Serpent Rings, an Entrancing Motif
Serpent Rings, a Brief History
his serpent (snake) ring is a beautiful example of Victorian and Edwardian jewellery design. The snake motif has been very popular throughout history, and has been embraced by many cultures (Roman, Greek, and Chinese just to name a few) as a representation of eternity, wholeness, regeneration, and rebirth.
Serpent rings in particular reached their peak in popularity during the Victoria, and Edwardian eras. Queen Victoria even chose a snake ring set with diamonds, rubies and emeralds as her engagement ring! Prince Albert also had a similar ring created with an Emerald set into it as this was Victoria’s birth stone.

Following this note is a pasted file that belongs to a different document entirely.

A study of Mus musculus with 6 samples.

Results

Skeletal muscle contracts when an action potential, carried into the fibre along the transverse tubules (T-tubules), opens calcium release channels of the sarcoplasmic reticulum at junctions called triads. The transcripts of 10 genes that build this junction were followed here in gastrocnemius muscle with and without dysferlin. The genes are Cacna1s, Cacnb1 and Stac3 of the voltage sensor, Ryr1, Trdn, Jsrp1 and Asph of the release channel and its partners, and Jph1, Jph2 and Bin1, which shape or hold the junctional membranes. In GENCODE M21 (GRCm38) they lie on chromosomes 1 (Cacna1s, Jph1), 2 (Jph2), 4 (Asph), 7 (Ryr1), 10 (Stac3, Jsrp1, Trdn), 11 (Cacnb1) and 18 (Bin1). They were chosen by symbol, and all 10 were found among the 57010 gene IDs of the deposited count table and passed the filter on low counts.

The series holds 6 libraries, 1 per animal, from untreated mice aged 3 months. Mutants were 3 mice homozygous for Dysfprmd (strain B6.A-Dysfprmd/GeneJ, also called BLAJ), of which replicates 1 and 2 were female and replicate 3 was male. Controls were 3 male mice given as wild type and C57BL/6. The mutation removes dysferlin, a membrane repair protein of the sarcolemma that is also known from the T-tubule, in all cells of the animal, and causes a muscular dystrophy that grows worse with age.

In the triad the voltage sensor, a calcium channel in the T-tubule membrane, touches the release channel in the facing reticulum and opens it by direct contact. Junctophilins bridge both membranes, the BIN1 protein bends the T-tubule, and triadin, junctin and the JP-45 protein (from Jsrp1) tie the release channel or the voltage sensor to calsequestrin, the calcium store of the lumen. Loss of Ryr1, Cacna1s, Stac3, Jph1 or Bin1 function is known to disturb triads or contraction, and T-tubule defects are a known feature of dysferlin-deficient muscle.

As design progressed, the snake motif would be used in the Art Nouveau period for its beautiful natural curves, and would also fall back into fashion as Britain became influenced by the discovery of King Tutankhamun’s tomb, and the cultural treasures which were inside.
About this ring…
Thank you to my friend Carli, founder of St. Eloi Vintage, let me borrow this ring as an example to photograph, and write about.
This fine specimen is from the Edwardian era. Crafted in 18 karat yellow gold, it is marked for the Sheffield assay office. Although no makers mark can be found on the piece, likely due to a previous sizing, it is a very well executed ring!
Set with scintillating old cut diamonds, you will discover upon closer inspection that some of the old cuts have a fascinating greenish-yellow colour. Some replacement stones have led to a slight patchwork effect, but I think this just adds to the design! To me, the mismatched stones resemble the unique colouring of a snakes skin.